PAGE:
Relative to third preseason games over the years, Saturday's 18-17 Houston win over the Broncos was atypical.
Three days of practice offered plenty of tape to evaluate, and both teams held a handful of starters back from extensive duty: for the Broncos, Von Miller and Montee Ball were pulled after one series apiece. The Texans gave defensive end J.J. Watt a breather after nine snaps, and did not play running back Arian Foster or outside linebacker Jadeveon Clowney at all.
But there was plenty of note, starting with the Broncos' first touchdown, a 67-yard strike from Peyton Manning to Emmanuel Sanders.
Manning began by offering a play-action fake, which does just enough to keep safety Eddie Pleasant honest. He's playing deep, but not deep enough; as long as Manning delivers the ball on target to Sanders, this is basically a one-on-one situation -- in which Sanders has already beaten cornerback A.J. Bouye, who intercepted Manning earlier that quarter.
Sanders' quickness off the snap, acceleration and ability to use speed to generate separation gives the Broncos a new dimension to their passing game -- which might be just as productive as last year's, albeit via different methods.
MILLER TIME: Miller's return to game action eight months and a day after tearing his anterior cruciate ligament was quiet, but that didn't mean it was uneventful.
The Broncos gave him the entire first series, which offered a representative sample of his duties as a strong-side linebacker in the base 4-3 alignment and as a pass-rushing defensive end in sub packages. He handled coverage on tight ends lined up in the slot, he worked as a stand-up pass rusher; he had his hand in the dirt as a left defensive end. He barely missed an interception after Kevin Vickerson's quickness when he was unblocked off the snap forced the Texans into disarray.
Miller's night was complete after one series, but the Broncos defense continued to generate pressure without him, just as it did in the first two preseason games. An example of this was on the last Texans snap of their second possession, which was all about DeMarcus Ware.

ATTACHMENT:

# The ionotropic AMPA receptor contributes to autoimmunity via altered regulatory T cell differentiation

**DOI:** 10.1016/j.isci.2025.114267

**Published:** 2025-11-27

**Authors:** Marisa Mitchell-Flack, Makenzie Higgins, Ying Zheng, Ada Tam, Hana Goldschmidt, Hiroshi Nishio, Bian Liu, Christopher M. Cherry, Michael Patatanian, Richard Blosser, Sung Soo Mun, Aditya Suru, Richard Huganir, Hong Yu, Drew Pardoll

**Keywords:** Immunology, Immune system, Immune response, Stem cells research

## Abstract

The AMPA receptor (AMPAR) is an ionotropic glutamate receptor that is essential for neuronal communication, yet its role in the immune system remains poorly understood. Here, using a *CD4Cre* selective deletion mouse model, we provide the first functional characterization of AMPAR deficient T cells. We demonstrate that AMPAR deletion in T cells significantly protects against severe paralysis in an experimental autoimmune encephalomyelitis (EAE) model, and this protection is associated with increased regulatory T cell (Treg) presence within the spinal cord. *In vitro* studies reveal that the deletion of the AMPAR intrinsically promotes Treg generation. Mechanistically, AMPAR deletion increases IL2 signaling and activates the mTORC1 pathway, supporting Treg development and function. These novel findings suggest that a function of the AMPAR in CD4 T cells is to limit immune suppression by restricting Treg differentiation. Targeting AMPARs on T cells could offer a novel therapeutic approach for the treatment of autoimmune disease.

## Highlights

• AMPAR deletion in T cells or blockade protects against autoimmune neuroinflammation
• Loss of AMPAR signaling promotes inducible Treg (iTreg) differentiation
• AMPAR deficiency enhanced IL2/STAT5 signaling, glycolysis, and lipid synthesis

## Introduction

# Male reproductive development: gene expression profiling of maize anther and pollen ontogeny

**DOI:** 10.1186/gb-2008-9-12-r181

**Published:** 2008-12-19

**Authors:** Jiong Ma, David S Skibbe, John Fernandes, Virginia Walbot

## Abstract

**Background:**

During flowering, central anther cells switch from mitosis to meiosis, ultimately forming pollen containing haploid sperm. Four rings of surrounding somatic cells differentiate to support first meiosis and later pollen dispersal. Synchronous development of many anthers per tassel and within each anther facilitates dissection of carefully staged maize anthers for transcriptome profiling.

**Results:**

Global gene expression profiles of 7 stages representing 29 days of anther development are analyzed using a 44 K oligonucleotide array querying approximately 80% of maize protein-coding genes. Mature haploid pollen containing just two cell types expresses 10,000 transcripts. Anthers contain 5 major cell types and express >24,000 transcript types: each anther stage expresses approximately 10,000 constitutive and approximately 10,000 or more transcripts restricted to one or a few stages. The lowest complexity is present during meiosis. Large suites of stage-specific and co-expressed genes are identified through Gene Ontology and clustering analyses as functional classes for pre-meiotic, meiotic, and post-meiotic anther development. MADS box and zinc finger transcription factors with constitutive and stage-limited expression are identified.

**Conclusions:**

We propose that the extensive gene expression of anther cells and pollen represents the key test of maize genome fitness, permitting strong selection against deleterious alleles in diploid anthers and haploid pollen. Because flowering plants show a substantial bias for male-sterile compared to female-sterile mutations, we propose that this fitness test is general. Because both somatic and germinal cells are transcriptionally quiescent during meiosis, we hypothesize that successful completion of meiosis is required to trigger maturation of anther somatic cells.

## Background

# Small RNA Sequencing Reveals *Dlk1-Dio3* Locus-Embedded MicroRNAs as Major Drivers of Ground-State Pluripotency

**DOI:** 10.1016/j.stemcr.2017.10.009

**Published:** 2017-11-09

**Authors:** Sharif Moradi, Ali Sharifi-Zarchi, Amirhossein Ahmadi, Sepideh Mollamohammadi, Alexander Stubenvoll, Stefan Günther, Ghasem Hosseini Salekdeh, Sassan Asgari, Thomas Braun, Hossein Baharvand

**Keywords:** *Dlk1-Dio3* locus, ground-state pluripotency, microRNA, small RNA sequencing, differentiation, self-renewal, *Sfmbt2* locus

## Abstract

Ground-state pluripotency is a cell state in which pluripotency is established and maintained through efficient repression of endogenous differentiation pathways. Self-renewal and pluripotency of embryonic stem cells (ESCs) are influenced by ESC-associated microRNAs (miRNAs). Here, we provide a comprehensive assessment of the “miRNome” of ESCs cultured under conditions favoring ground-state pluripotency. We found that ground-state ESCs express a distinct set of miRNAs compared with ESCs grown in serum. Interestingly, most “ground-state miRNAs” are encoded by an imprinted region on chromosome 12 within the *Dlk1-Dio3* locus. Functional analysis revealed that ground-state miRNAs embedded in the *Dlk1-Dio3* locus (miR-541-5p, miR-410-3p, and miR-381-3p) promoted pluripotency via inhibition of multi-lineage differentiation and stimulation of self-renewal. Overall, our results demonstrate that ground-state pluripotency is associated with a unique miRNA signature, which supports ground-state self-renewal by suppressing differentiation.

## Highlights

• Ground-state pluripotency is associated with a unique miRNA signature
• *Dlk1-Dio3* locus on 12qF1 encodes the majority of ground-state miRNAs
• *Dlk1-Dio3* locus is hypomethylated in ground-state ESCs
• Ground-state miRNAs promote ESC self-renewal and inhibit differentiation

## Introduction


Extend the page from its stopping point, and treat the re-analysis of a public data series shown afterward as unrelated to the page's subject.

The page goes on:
Ware lined up at left defensive end, bounced off Houston right tackle Derek Newton and exploded. The Broncos had a four man rush, so Newton and center James Ferentz both had opportunities to prevent Ware from stunting well inside of Malik Jackson and bursting through the middle. But Ware's speed, his calling card in Dallas, is intact. With Jackson on one side and Derek Wolfe on the other locking Ryan Fitzpatrick in the pocket, the quarterback has nowhere to go, and the Broncos have their three-and-out stop.
OSWEILER'S UPS AND DOWNS: Backup quarterback Brock Osweiler often speaks of looking for progress and growth from every game, but a 4-of-11, 43-yard, one-interception night is not what he had in mind. The game was capped by four consecutive incompletions in the two-minute period at the end of the game -- although the first two were dropped by players no longer with the team.
But there were some shining moments for Osweiler, none more than a 17-yard pass to wide receiver Cody Latimer on which he diagnosed the Texans' pre-snap intent. Houston brought eight men into the box, and rushed them all against five Denver offensive linemen, tight end Cameron Morrah and running back Kapri Bibbs, both of whom stayed in the backfield to block. The only thing Osweiler does not do is turn his head to catch the defense off guard. But by identifying the blitz, he exploits the mismatch -- Latimer in one-on-one coverage.
And finally, if you thought you were having a flashback, you weren't alone:
Yes, that was the brief return of the zone-read option popularized during the 2011 season, when Tim Tebow was the starting quarterback. It showed Osweiler's mobility, and if he is pressed into extended service, provides another wrinkle for rare use.